Nuclear companies jostle for Vietnamese reactor business

May 16th, 2008 - 10:41 am ICT by admin  

By Matt Steinglass
Hanoi, May 16 (DPA) A French nuclear power export consortium has made its case for Vietnam to turn to France for the two nuclear power plants it plans to build in the next decade as firms from five countries gathered at a nuclear power trade fair in Hanoi to promote their wares. “In contrast to certain large countries, we have never had a major nuclear accident with any consequences for the local population,” said France’s ambassador to Vietnam, Herve Bolot. “That’s an extremely strong argument.”

Companies from China, France, Japan, South Korea and Russia exhibited at the trade fair, hoping to build their corporate presence as Vietnam takes the initial steps toward selecting a partner for its nuclear power ambitions.

The country has declared it would build two nuclear power plants, each featuring two 1,000-megawatt reactors, with construction slated to begin in 2013 and power generation commencing by 2020.

Vietnam’s fast-growing economy is creating demand for electricity far in excess of current capacity. The country has total installed power-generating capacity of about 13 gigawatts but plans to more than double that to 33 gigawatts by 2015.

Vietnam’s National Assembly is set to pass a new law on nuclear power before the end of its current session in June, paving the way for a call for bids. Revenues for foreign companies could be huge: One newly constructed 1,650-megawatt nuclear plant, France’ Flamanville 3, cost 3.3 billion euros (5.1 billion dollars).

Nuclear power providers from Canada and the US have also expressed interest in Vietnam’s plans.

At a press conference at Hanoi’s French cultural centre, representatives of the French nuclear power industry said France, Vietnam’s former colonial ruler, has a uniquely integrated approach that treats nuclear power in the context of social, political and environmental needs. A new government agency, the French International Nuclear Energy Agency sends experts to collaborate with foreign governments on feasibility studies, safety concerns and other issues.

“We put together the ensemble of the expertise France has built up in recent decades for the benefit of countries who want to exploit nuclear power,” agency deputy director Philippe Pallier said.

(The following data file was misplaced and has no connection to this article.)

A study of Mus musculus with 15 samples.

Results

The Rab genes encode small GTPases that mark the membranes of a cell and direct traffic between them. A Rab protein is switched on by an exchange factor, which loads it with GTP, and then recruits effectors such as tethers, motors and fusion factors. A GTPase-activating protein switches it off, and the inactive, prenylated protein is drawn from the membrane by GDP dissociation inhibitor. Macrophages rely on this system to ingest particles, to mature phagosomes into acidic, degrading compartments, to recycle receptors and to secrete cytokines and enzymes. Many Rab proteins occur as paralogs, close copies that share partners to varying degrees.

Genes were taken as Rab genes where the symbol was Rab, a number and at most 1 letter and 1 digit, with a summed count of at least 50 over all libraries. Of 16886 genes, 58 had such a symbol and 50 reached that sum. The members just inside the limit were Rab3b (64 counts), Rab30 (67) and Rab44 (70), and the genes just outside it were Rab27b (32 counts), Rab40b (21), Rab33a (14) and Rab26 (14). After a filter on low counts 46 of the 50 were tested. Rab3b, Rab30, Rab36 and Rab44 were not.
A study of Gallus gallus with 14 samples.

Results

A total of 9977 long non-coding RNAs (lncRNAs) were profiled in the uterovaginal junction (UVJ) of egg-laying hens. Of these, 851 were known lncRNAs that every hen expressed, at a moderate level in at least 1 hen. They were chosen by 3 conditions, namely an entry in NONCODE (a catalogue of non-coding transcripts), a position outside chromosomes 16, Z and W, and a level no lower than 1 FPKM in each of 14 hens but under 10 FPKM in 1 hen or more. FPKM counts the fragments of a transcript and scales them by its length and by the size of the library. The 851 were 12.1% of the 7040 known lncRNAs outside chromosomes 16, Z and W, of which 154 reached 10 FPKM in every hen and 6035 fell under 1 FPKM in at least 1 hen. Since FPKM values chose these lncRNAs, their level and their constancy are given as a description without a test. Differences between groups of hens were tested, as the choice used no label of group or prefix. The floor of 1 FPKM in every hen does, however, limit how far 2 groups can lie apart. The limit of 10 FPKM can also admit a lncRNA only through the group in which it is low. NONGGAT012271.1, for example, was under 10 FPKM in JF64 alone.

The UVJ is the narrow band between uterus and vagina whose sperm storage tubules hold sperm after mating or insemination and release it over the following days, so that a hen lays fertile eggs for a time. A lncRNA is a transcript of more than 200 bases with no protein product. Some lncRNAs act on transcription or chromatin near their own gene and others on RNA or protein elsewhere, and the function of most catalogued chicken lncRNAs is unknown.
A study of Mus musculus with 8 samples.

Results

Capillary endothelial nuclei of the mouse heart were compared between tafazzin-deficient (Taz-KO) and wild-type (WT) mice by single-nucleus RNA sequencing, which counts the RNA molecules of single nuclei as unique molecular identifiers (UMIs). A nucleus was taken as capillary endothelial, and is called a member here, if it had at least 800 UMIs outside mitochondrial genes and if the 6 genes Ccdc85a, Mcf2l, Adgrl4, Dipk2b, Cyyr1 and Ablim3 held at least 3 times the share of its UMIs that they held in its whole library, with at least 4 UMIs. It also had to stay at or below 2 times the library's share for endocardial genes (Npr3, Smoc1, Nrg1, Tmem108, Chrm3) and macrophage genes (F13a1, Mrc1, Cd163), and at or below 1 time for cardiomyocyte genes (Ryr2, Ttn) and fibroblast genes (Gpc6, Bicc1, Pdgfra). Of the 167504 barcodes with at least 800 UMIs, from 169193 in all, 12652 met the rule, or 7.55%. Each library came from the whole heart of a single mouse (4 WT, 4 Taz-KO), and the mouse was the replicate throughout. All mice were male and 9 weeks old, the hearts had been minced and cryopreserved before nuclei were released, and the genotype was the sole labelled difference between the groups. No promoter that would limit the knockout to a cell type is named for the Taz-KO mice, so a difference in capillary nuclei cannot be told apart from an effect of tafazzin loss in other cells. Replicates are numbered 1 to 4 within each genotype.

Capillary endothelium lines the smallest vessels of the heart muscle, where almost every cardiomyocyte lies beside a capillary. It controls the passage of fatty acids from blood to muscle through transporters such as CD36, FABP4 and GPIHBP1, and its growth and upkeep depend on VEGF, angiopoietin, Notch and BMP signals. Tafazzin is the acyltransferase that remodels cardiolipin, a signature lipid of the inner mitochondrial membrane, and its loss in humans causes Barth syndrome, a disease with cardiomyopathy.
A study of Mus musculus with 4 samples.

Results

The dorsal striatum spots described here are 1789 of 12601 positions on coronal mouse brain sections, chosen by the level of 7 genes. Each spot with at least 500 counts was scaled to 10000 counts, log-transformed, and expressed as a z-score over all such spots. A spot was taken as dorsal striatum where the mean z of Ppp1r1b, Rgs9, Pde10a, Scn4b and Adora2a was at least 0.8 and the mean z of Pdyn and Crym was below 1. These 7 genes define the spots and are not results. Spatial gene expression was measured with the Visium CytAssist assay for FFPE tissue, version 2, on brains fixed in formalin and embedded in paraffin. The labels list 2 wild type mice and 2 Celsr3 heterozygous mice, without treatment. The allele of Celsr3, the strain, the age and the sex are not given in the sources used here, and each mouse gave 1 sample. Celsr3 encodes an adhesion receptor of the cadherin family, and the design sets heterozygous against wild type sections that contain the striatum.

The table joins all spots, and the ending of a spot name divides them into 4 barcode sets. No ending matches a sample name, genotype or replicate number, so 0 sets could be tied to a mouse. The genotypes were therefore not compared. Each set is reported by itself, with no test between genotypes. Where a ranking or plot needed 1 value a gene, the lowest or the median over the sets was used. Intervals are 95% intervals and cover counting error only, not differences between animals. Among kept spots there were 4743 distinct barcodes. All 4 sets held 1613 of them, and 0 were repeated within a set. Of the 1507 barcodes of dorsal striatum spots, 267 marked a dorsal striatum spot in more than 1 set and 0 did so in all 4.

A country might go on to place orders from French companies like nuclear power plant operator EDF or reactor builder AREVA, or it might order elsewhere.

In late May, EDF plans to co-host a seminar on “public acceptance of nuclear power” with the Vietnamese power company EVN for the local population in Ninh Thuan, the coastal province selected as the site of the first Vietnamese nuclear plant.

Bolot said the French approach was “to consult the population very early, so that they do not get the impression that in this area, which affects the social structure for a long time, a schema or a consensus is being imposed on them.”

Other countries contending for Vietnam’s nuclear business have more purely technological pitches.

Tomonori Ito of Toshiba’s nuclear energy division said Japan’s nuclear power industry was more privatised and less government-organised than France’s. He said the Japanese bid would involve a consortium of private companies, including Toshiba, Hitachi and Mitsubishi.

Tomonori said Japan’s comparative advantage was that, like France, it had continued building nuclear plants for the past 20 years while construction in countries like the United States halted. He said Japan could not compete on price with companies from China or Russia but had higher quality.

In Su Yang, a senior engineer at the Korean Power Engineering Co, said South Korea had been positioning itself by sending experts to support Vietnam’s initial feasibility studies for the plants. He said South Korea would be unable to underbid the Chinese nuclear power company China Guangdong Nuclear Power Group, which had one of the most impressive exhibitions at the trade fair.

The smallest booth at the fair belonged to the Russian atomic energy company Atomstroi. The company suffers from a poor reputation in Vietnam and elsewhere because of associations with the 1986 Chernobyl nuclear disaster.

Pallier said many Russian nuclear plants had serious safety concerns and still used the graphite-cooled model employed at Chernobyl rather than more modern, high-pressure, water-cooled reactors.

But Atomstroi’s Natalia Gerasimova said it now built high-pressure, water-cooled reactors like everyone else.

“We don’t built graphite reactors anymore,” Gerasimova said. “Our expertise is in decommissioning graphite reactors. Britain is quite interested in that expertise.”

Gerasimova said Atomstroi’s advantage lay in having built more nuclear power plants in foreign countries for longer than any other country.

“We’ve built 48 reactors outside Russia,” she said. “The first one was in the former East Germany, and it was built, I believe, in the time of Jesus Christ.”